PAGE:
The first aspect of racial criticism is symbolism. Throughout the story the gun is a symbol of becoming a man. During these days white fathers would take their sons out to hunt. Having a gun was like being a man. Dave figured that by owning a gun it was his first step towards becoming independent and responsible. Back then, men are supposed to be seen as tough, fearless, and respected. According to the author, Dave thought “Nobody could run over him; they would have to respect him”(6). Another symbol in the story is the Jennie the mule. In the story Dave tried to prove himself to everyone that he was ready to become a man. This is when he figured nobody could run over him because he was a man now. He went into the field and shot the mule to show his strength. After he shot her he couldn’t believe how he harmed her. “He looked in the direction of home, wanting to go back, wanting to get help” (9). Now that Dave has accomplished his goal, he was ashamed. He knew he would always have the thought in his head that he was never going to be ready to become a man.

The second aspect of racial criticism is setting. Dave lived in a rural area where there are big fields to go hunting. As one can infer there is a Mule on the field. This story takes place during the time of where blacks are not treated equally. The narrator said, “Could kill a man with a gun like this. Kill anybody, black or white” (6). This shows how Dave feels powerful that he can do whatever he wants because he owns a gun. Blacks are slaves. Whites are superior and have control over the blacks. Dave feels brave to be able to kill anybody without being white. Another example of setting is how Dave has to work hard for his money ever since he was a child. Blacks work hard to earn a dollar or two. Dave mows lawns in order to receive two dollars a month. He would hand over his money to his mother so she can have it. “’Aw, Ma, Ah done worked alla summer n ain ast yuh fer nothing, is Ah, now’” (5). Dave wants his hard earned money to be able to purchase the gun. This shows that they are poor and his mom is trying to save money.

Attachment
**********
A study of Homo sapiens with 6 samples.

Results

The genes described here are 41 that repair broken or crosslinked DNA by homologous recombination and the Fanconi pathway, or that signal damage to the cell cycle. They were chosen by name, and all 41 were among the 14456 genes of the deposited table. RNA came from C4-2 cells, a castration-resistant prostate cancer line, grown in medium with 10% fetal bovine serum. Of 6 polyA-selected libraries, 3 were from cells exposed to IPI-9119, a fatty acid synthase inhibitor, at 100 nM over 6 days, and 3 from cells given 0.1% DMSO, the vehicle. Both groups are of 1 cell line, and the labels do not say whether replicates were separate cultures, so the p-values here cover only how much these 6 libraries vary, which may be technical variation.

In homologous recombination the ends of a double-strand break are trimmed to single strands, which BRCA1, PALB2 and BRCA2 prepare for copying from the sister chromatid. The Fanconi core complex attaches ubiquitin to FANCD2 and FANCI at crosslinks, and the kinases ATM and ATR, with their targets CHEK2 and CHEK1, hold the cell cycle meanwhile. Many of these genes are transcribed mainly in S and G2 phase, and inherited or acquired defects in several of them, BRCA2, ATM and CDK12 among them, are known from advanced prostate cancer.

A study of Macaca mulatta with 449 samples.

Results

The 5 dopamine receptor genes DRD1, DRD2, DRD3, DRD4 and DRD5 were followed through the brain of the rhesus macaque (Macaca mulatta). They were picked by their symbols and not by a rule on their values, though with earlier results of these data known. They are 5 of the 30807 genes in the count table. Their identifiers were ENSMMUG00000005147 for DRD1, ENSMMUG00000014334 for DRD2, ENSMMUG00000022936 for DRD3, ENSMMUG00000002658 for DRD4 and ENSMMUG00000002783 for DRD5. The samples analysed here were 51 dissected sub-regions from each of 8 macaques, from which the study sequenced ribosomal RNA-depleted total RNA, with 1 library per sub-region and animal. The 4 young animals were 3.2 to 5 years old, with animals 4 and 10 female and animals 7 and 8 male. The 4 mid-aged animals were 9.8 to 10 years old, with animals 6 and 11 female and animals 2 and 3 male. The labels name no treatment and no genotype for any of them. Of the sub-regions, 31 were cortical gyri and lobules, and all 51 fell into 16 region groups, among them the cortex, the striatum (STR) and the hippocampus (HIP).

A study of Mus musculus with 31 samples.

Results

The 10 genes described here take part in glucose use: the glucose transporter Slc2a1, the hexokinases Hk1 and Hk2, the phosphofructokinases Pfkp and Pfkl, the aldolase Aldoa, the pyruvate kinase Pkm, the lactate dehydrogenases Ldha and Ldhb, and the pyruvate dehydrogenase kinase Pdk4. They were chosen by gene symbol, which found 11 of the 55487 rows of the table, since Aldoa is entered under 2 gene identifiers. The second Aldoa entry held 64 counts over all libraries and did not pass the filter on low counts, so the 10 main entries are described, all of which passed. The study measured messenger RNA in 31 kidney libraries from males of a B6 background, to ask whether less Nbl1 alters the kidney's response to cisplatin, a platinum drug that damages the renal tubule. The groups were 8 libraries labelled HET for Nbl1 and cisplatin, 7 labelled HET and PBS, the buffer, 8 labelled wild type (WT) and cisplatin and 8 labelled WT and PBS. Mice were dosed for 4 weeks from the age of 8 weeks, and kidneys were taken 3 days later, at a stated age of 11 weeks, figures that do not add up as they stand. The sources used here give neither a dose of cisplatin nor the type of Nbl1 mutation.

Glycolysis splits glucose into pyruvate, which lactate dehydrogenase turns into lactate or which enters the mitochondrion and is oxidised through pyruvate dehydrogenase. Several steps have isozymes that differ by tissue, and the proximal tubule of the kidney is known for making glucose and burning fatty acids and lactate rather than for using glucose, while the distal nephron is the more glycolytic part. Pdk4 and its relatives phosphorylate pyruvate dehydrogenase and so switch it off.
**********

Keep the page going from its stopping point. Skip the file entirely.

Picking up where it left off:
The last aspect of racial criticism is dialogue. Throughout history blacks have been through a lot of punishment. They did not have the freedom they wanted. Dave was a slave all his life and wanted to experience manhood. He wanted to have the freedom he never had. He wanted to prove to everyone that he was a man. “’One of these days he was going to get a gun and practice shooting, and then they couldn’t talk to him as though he were a little boy”(1). The narrator shows how he is not going to be considered a little boy anymore after he starts to shoot. He was going to be able to have freedom and not be controlled by the whites. Another example of dialogue is when his mother is yelling at him that he will not own a gun. His mother still believes that he is not mature enough own one. He kept on begging her to give him the money so he can buy the gun as soon as he could. “’Now don yhu try to maka fool outta me, boy! Ef we did hava gun, yuh wouldn’t have it’” (5). His mother refers to him as boy and this makes him feel childish. He is almost an adult and he wishes that he can be seen as a man. His mother continues to bust his bubble by referring to him as a child.
In conclusion, Dave was not able to prove to anyone that he is ready to be considered a man. Everyone lost hope in him because he kept on making mistakes that showed his true self. Using racial/cultural criticism, the reader can analyze Richard Wright’s The Man Who Was Almost a Man through symbolism, setting, and dialogue. The gun made Dave realize that he was not ready at all to begin manhood. Slavery was an issue that Dave had to cooperate with living in a white society. The way Dave was treated through dialogue contributed to the story as well, his mother did not respect him how he wanted to be.